People generally prefer to remain living at home for as long as possible before considering moving into a nursing home for more specialized care.

One way to put off the need for moving into nursing home is to receive in home care from a relative or paid specialist.

However, when the time comes to move into a nursing home and apply for Medicaid coverage to pay for the nursing home stay, the previous in home care can cause eligibility problems if not handled in the proper way from the beginning.

The danger comes in as a result of the Medicaid look back period when applying for nursing home coverage. In order to receive Medicaid nursing home coverage, a person’s resources must be below a certain, very restrictive asset cap. This cap also involves a retrospective examination, the look back period, to find any below market transactions or gifts made within the previous five years. Any such gifts or transactions then get added back to an individual’s current financial picture to determine Medicaid eligibility.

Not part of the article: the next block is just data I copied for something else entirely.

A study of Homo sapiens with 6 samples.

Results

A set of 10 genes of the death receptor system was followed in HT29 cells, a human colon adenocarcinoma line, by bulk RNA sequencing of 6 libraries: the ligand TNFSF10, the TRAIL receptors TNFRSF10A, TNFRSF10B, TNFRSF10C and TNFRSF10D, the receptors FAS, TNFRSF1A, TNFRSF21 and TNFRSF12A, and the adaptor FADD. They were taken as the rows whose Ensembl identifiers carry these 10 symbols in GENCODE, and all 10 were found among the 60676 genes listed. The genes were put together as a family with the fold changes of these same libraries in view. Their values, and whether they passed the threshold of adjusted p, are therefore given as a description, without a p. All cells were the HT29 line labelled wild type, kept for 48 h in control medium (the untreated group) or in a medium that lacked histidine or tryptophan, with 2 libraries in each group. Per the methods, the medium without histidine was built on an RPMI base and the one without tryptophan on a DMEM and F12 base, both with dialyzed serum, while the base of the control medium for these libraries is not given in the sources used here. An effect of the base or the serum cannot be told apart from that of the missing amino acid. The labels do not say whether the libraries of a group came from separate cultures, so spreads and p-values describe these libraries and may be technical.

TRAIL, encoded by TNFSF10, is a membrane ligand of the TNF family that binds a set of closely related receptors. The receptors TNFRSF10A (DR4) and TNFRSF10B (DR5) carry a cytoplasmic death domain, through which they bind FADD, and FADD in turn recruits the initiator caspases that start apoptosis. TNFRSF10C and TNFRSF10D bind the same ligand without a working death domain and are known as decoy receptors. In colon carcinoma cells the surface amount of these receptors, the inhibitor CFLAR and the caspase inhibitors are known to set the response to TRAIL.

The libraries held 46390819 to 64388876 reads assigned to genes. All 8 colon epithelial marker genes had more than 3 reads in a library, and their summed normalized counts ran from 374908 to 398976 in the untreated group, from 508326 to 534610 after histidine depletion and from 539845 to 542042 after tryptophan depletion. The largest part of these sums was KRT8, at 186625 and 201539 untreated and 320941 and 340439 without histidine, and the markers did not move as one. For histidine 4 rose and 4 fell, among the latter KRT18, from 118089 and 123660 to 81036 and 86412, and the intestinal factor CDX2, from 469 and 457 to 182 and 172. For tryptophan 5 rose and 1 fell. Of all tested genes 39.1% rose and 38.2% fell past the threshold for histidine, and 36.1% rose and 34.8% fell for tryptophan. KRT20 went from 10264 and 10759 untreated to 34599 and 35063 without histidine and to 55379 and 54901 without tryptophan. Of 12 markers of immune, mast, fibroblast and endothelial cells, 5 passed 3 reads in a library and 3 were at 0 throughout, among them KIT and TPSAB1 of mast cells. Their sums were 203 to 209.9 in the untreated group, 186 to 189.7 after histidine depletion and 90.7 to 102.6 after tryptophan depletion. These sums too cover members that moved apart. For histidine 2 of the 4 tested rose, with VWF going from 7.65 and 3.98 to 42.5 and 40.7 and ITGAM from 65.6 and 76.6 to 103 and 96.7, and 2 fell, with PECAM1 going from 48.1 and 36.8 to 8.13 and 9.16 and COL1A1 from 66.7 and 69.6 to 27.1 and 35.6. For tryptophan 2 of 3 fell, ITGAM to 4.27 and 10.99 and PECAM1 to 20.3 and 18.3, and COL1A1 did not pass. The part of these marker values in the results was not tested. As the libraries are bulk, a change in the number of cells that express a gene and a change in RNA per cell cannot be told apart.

How this involves in home care is that any payments made for in home care in the previous five years have to have been compliant with Medicaid regulations in order not to negatively affect current Medicaid eligibility. Any payments for care that do not comply with Medicaid regulations can be considered gifts. These gifts then get added back to a person’s current resources when calculating Medicaid eligibility. Significant payments for care that do not comply with Medicaid regulations can cause an individual to pay significantly more out of pocket for expensive nursing home coverage before becoming eligible for Medicaid.

One way to avoid this scenario is to have a relative who is willing to perform in home care with the understanding that they will never get paid for their services. However, this is not a realistic possibility for many people.

A more accessible option is enter into a Medicaid compliant Caregiver Agreement, also known as a Personal Services Contract, before any paid care is provided. The regulations about caregiver agreements are thorough and can involve what types of care are covered, what must be in a caregiver agreement, how the care is documented, and how the caregiver will be compensated. These regulations also vary by state. Due to the complexity of the regulations involved, it is important to meet with a local elder law attorney before entering into any sort of arrangement for paid in home care to prevent any potential problems affecting Medicaid eligibility.

To discuss in home care agreements or more general Medicaid planning, please call Martha C. Brown & Associates at (314) 962-0186.